Policy & Papers

Transitional Justice: Cambodia Case Study

From 1969 to 1973, the Vietnam War spilled over into the Kingdom of Cambodia during which the US air force secretly bombed its countryside and killed between 150,000 and 750,000 people. Pro-US General Lon Nol seized power from Prince Norodom Sihanouk and declared Cambodia a Republic in 1970, starting a civil war between his army and the pro-Sihanouk forces with Khmer Rouge guerrillas as the strongest faction. Khmer Rouge (KR), was a radical leaning communist movement that gained momentum and popular support from the US bombing and the resentment against Lon Nol. KR eventually managed to enter the capital city of Cambodia, Phnom Penh, and claimed victory on 17 April 1975, marking the start of The Democratic Kampuchea (DK) era which lasted until 9 January 1979.

KR imposed a radical Marxist-Leninist regime nationwide that sought to transform Cambodia into an agrarian and classless society. KR then set up structures to exercise total control over the population: family structures were broken, a forced marriage policy was implemented, and religion was banned. They also imposed forced labour in agriculture and industrial sites and put in place extreme measures to ensure ideological purity of the masses. These measures included the obligation for citizens to report each other’s misconducts, re-education programmes, detention in security centres, mass arrests of suspected traitors, torture, and mass killings. As the result, during DK era, between 1.5 and 2 million people died from exhaustion, hunger, disease, or mass executions.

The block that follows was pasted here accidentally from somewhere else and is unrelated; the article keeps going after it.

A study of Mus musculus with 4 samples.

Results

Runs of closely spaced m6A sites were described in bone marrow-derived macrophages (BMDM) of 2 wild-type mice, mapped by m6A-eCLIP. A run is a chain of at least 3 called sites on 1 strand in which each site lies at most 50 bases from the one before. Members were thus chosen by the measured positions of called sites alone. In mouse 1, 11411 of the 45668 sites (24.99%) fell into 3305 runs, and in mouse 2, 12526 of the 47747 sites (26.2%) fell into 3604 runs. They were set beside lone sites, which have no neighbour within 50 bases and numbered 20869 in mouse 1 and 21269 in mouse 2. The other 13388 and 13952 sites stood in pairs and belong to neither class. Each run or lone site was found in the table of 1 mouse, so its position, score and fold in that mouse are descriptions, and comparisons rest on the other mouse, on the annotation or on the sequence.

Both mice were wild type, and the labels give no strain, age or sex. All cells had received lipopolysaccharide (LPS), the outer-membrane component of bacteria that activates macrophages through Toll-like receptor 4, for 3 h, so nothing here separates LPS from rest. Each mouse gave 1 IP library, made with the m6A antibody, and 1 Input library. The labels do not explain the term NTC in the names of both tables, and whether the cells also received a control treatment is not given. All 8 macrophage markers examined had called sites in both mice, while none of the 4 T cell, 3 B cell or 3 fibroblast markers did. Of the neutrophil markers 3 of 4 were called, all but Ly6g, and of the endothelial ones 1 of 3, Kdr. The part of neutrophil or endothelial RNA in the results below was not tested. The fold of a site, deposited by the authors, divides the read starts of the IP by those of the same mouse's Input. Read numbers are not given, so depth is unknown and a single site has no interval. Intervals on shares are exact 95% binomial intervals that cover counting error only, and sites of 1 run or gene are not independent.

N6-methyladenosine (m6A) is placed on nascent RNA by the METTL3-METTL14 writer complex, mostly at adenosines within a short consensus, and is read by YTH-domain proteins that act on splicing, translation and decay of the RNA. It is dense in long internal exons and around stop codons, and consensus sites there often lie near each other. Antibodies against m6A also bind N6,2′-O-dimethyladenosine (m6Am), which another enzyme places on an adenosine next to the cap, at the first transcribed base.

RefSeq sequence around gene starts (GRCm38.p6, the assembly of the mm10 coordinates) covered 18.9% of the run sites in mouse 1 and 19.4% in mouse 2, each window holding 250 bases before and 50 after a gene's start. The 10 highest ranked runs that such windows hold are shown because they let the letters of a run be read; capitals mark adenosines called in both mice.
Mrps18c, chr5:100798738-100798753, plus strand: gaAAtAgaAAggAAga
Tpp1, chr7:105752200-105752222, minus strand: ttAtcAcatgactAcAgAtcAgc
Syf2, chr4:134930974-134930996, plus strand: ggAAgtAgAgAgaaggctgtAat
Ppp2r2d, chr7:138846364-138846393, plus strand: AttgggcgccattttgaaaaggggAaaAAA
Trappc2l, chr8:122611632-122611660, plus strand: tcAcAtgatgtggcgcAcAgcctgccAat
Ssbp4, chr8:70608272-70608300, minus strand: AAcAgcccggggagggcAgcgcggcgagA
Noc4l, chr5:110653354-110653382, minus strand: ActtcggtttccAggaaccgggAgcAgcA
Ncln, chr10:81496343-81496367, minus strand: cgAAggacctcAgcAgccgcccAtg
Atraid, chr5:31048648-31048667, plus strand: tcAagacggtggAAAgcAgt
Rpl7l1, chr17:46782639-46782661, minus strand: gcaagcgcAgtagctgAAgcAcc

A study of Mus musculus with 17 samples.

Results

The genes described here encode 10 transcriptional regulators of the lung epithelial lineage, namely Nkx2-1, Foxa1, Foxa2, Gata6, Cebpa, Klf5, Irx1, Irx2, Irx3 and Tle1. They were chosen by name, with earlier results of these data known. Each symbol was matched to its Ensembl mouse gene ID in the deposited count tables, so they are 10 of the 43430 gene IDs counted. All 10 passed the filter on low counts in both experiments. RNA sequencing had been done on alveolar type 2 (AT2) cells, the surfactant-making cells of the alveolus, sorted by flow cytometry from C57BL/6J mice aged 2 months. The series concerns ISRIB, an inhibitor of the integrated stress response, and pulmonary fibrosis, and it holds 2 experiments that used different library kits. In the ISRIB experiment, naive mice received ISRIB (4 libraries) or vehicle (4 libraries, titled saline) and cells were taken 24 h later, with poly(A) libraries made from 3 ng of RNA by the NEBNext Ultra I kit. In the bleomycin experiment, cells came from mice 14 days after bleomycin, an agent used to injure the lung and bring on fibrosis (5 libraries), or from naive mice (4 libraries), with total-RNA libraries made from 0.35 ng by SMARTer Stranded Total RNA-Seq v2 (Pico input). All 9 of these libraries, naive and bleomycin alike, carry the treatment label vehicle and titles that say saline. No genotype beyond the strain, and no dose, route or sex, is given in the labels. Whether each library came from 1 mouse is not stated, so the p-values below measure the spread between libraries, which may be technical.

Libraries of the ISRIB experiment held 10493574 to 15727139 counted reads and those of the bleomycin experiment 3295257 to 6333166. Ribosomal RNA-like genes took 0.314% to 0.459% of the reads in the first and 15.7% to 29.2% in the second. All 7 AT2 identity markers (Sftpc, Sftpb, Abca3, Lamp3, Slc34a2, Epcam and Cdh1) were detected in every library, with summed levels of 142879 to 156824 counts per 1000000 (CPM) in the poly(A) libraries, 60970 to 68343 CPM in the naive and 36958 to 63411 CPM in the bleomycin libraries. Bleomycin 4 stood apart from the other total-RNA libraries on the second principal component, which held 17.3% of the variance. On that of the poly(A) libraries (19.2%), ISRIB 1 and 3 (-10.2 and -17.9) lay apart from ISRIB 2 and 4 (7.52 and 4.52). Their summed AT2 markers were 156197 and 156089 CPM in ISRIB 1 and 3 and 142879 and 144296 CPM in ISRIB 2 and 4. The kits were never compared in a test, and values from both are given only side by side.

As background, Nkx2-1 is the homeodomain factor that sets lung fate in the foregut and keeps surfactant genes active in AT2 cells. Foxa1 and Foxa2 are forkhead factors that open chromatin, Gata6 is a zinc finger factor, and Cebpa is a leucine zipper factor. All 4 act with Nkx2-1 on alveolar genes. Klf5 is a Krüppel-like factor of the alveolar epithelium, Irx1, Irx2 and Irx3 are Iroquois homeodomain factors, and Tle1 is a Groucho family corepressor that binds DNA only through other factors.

Vietnamese forces entered Phnom Penh on 9 January 1979, unseating the KR and establishing the People’s Republic of Kampuchea (PRK). Many PRK leaders were former KR senior cadres who had sought refuge in Vietnam during DK era, including Hun Sen, who has been Cambodia’s Prime Minister since 1985. Cambodia then plunged into the second civil war that lasted for a decade between PRK forces, supported by Vietnam, and anti-Vietnamese forces, including the KR.

At the end of Cold War, Vietnam withdrew its troops from Cambodia and the conflicting parties signed a peace agreement, entitled Comprehensive Political Settlement of the Cambodian Conflict in 1991, returning Cambodia to a Constitutional Monarchy. In February 1992, the UN deployed the United Nations Transitional Authority in Cambodia (UNTAC), a peacekeeping mission dedicated to ensuring the transition to democracy and the organisation of fair elections. In 1993 such elections were held but the National United Front for an Independent, Neutral, Peaceful and Cooperative Cambodia (FUNCINPEC)’s victory was not respected. Instead, Hun Sen, the PM during PRK era and leader of the Cambodia People’s Party (CPP), forced a political compromise that created co-Prime Ministership between him and Prince Norodom Ranariddh from FUNCIPEC, before finally seizing full power in July 1997 through a military coup. Hun Sen continues to rule until the present day, establishing an increasingly repressive regime that holds regular elections that are neither free nor fair.